Study Finds “Dose-Response” Link Between Preterm Birth and Autism

A new study draws a connection between how premature a baby is born and the child’s later risk of being diagnosed with autism and other neurological conditions, suggesting a version of a “dose-response” relationship.

According to findings published this week in the Journal of the American Academy of Pediatrics, decreasing gestational age at birth may be directly tied to the likelihood that a child ends up on the autism spectrum, potentially causing lifelong neurodevelopmental disorders such as social, communication, and behavioral changes.

Researchers from the Icahn School of Medicine at Mount Sinai, New York and the Center for Primary Health Care Research, Lund University, Malmö, Sweden conducted a study analyzing all 4,061,795 singleton infants born in Sweden from 1973 to 2013, to determine whether a critical threshold existed among gestation age and the occurrence of autism diagnosis.


Researchers determined the data suggests there is a “dose-response” relationship among premature births and the increased risk of autism development, which is typically indicative of a strong cause-and-effect relationship. While usually used to describe a correlation between a higher dose of a drug and a higher risk of side effects, in this instance, it is used to represent the fact that researchers found out the more premature the baby; the higher the risk of autism.

“In this national cohort, preterm and early term birth were associated with increased risk of ASD in boys and girls,” the researchers concluded. “These associations were largely independent of covariates and shared familial factors, consistent with a potential causal relationship.”

The causal link between premature births and increased autism risks is suspected to be caused by elevated inflammation in the central nervous system due to prematurity, which may cause activation of microglia and synaptogenesis leading to loss of neuronal connections during critical period of brain development, according to the study.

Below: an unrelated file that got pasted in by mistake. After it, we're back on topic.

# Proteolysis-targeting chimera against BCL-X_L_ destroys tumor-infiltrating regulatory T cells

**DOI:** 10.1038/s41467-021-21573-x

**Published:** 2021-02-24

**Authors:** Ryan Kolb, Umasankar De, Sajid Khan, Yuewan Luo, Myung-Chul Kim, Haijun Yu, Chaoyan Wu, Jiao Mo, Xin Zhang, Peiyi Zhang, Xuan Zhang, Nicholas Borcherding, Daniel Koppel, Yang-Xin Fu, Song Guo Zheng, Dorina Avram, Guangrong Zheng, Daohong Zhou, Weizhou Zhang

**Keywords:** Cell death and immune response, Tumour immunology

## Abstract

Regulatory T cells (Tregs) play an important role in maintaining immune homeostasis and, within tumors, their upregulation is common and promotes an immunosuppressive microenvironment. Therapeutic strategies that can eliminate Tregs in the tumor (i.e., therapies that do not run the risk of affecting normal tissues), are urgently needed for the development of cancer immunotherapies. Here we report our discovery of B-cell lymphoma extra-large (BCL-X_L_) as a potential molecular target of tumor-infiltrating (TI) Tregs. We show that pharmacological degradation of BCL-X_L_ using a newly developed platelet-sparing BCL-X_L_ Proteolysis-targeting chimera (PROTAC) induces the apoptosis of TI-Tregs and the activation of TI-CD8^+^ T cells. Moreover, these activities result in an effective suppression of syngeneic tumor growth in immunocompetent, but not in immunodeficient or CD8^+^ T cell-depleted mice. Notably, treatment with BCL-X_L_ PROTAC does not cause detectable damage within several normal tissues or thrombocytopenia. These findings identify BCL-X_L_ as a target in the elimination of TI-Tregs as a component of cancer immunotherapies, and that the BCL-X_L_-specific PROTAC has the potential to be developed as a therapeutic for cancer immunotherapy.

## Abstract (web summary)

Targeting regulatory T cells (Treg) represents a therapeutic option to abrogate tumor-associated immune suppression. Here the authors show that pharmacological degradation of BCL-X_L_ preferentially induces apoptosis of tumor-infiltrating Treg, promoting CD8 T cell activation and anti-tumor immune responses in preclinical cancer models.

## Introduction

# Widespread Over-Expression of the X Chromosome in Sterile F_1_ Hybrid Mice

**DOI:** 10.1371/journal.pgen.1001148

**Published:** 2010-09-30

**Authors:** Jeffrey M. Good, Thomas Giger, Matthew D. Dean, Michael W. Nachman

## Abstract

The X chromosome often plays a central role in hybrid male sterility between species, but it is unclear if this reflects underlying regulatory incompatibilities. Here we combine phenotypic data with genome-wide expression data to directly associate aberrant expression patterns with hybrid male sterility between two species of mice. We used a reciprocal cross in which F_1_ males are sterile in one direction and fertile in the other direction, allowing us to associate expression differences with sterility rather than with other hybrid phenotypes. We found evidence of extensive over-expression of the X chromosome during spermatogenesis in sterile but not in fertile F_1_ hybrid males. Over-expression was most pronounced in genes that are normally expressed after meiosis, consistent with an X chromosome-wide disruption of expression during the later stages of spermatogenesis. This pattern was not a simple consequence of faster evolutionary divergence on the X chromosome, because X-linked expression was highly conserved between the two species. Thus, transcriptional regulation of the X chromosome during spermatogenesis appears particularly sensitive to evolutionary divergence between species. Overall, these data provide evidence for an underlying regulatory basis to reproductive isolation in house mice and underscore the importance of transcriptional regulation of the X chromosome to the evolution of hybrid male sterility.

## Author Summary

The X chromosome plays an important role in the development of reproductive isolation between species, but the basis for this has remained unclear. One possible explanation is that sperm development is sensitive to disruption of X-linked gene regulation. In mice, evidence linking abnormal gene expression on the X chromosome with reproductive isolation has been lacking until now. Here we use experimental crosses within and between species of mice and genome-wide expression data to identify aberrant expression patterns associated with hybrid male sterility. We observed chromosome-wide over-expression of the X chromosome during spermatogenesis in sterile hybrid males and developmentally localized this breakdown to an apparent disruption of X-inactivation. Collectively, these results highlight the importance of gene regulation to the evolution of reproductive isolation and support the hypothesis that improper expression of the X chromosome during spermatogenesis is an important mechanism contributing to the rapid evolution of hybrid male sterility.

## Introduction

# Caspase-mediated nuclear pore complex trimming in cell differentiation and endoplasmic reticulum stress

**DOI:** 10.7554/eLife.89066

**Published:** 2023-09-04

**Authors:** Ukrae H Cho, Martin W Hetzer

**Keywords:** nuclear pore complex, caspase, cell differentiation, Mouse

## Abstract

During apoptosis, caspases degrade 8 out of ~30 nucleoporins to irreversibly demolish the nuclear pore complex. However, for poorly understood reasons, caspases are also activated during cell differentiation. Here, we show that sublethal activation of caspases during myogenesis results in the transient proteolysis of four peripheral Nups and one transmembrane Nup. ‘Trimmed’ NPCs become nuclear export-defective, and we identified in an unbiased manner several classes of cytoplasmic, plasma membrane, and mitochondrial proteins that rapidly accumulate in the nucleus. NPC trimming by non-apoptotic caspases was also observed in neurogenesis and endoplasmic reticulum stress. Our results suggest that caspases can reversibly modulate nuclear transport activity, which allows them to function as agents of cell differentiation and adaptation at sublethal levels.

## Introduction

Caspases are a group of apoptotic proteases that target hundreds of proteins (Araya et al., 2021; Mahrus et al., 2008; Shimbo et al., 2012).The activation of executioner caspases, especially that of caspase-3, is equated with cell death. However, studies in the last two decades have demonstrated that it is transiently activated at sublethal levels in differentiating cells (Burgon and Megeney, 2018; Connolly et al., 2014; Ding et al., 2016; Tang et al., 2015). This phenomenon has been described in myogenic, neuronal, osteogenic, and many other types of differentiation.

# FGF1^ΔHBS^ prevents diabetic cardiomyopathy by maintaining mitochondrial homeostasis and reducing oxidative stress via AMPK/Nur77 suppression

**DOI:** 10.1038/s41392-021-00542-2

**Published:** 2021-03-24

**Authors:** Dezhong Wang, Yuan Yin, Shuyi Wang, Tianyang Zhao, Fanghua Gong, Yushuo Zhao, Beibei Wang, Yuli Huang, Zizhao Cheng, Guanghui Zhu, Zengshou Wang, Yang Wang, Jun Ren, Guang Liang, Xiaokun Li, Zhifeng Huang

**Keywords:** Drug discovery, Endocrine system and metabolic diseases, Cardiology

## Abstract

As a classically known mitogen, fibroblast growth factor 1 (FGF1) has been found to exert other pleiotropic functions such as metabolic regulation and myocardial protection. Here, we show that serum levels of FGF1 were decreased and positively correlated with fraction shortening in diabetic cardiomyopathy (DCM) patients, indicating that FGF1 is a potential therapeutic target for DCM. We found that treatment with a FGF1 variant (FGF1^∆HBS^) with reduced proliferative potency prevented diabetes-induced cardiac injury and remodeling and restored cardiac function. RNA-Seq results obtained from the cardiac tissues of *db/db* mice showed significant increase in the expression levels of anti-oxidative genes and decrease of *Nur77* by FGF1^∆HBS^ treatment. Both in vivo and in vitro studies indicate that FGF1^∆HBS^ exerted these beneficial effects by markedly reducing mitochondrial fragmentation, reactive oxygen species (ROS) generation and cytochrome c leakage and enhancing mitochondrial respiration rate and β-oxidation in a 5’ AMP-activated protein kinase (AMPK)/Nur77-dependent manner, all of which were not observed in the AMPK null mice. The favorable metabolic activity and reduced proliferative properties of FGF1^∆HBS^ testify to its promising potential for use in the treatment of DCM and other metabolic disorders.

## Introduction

Studies have shown preterm infants are 15 times more likely to have severe physical and mental impairments than infants born full term, and often face a higher risk of experiencing health and developmental problems in adolescence.

Autism spectrum disorder is a developmental disability. Children with autism often experience problems with social interaction, communication, and complete repetitive and restrictive behaviors.

There are roughly 3 million cases of autism in the United States each year and the prevalence of diagnosis is becoming even more common over time. Cases of autism have increased 150% since 2000.

Over the last decade, several studies have pointed to many causes of autism development, including epidurals given during delivery, C-section deliveries, and infections, all of which are common occurrences or practices involved with pre-term deliveries.

According to a different study published in the medical journal JAMA in 2019, Swedish researchers found having a C-section was associated with a 33% increase risk that the child would be on the autism spectrum, indicating that compared to a vaginal birth, surgical delivery was also linked to a 17% increased risk that the child would receive an ADHD diagnosis.

A separate study published in JAMA in 2019, found infections increase autism risk by 80%, and increased the risk of depression by 24%, highlighting the importance of avoiding infections during pregnancy, which may impart subtle fetal brain injuries contributing to development of autism and depression.